GOVERNMENT will soon roll out a US$60 million tobacco production facility to fund local farmers using domestic financial resources following an outcry over the alleged ripping off of local golden leaf producers by foreign merchant contractors.
The fund is expected to support tobacco production on 50 000 hectares during the forthcoming season.
Tobacco is one of the country’s biggest foreign currency earners and is mostly grown by smallholder farmers.
Over the years, foreign merchants have taken the lead in financing production but have been accused of ensnaring local farmers into debt through contract farming.
The merchants offer farmers loans to pay for fertiliser, seed, labour, firewood for curing and even household food items under a contract growing scheme before recovering their funding, with interest, when the farmer delivers the crop.
Tobacco Industry Marketing Board (TIMB) public relations officer, Ms Chelesani Moyo, told The Sunday Mail that establishment of the fund is part of the work that is being done to transform the tobacco industry value chain.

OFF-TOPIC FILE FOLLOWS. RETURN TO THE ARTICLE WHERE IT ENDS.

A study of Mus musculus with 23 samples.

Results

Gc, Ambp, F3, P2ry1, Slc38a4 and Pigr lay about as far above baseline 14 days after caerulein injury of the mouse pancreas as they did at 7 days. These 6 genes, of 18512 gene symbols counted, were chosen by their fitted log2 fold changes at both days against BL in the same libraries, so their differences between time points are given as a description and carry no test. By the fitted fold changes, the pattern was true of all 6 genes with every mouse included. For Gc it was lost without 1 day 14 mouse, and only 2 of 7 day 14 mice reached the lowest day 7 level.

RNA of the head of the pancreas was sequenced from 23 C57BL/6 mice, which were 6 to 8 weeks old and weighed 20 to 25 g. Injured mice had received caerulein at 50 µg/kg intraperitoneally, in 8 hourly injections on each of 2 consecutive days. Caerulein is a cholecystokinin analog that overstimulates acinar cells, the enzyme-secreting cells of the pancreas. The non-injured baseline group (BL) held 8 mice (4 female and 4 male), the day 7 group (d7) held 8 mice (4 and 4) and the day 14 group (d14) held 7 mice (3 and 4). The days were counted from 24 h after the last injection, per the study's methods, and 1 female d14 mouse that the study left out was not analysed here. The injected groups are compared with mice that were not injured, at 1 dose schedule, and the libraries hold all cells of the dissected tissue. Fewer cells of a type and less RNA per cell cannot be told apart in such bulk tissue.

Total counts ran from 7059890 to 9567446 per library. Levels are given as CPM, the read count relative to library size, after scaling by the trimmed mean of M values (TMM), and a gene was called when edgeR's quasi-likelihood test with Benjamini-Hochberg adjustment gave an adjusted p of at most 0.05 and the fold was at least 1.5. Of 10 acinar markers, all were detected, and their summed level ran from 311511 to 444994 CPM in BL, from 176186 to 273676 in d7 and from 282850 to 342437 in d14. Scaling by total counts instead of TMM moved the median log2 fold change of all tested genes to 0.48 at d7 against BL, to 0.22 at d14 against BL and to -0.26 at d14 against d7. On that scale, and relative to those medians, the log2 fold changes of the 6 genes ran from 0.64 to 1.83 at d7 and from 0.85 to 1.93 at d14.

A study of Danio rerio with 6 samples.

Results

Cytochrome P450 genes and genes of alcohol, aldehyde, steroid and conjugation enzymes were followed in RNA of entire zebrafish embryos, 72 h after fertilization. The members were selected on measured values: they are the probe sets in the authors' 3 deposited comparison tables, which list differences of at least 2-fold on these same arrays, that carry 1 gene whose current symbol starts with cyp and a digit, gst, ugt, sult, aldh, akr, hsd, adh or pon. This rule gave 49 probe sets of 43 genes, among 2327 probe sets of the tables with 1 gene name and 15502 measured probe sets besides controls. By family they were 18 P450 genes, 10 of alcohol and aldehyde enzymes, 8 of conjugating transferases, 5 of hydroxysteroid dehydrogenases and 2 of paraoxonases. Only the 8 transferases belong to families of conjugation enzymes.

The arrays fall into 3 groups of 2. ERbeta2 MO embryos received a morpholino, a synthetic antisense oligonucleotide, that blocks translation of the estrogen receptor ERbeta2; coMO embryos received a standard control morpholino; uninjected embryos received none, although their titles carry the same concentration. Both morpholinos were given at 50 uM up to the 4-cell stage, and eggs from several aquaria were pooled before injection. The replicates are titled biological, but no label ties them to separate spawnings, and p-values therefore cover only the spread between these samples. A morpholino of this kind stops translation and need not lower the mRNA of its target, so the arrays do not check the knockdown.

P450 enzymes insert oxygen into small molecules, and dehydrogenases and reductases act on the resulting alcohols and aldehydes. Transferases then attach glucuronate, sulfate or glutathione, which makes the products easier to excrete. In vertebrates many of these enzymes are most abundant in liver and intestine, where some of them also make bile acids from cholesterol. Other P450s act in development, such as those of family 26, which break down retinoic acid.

“The Ministry of Lands, Agriculture, Fisheries, Water and Rural Resettlement is spearheading a plan to that effect and is working closely with TIMB and other tobacco stakeholders,” she said.
“Part of the objectives of the tobacco value chain transformation plan are to prioritise strategic interventions in the localisation of tobacco funding.
Ms Moyo said beneficiaries will be required to produce proof of access to land (title deeds, land permit/ offer letter for A1 and A2), while those living in communal areas will need to produce a stamped recommendation letter from the grower’s councillor or headman or chief.
Other requirements include a stamped recommendation letter from the grower’s local Agricultural Advisory Services (Agritex) officer to confirm that the person is a bonafide tobacco grower, a certified copy of national identification card and a production or track record.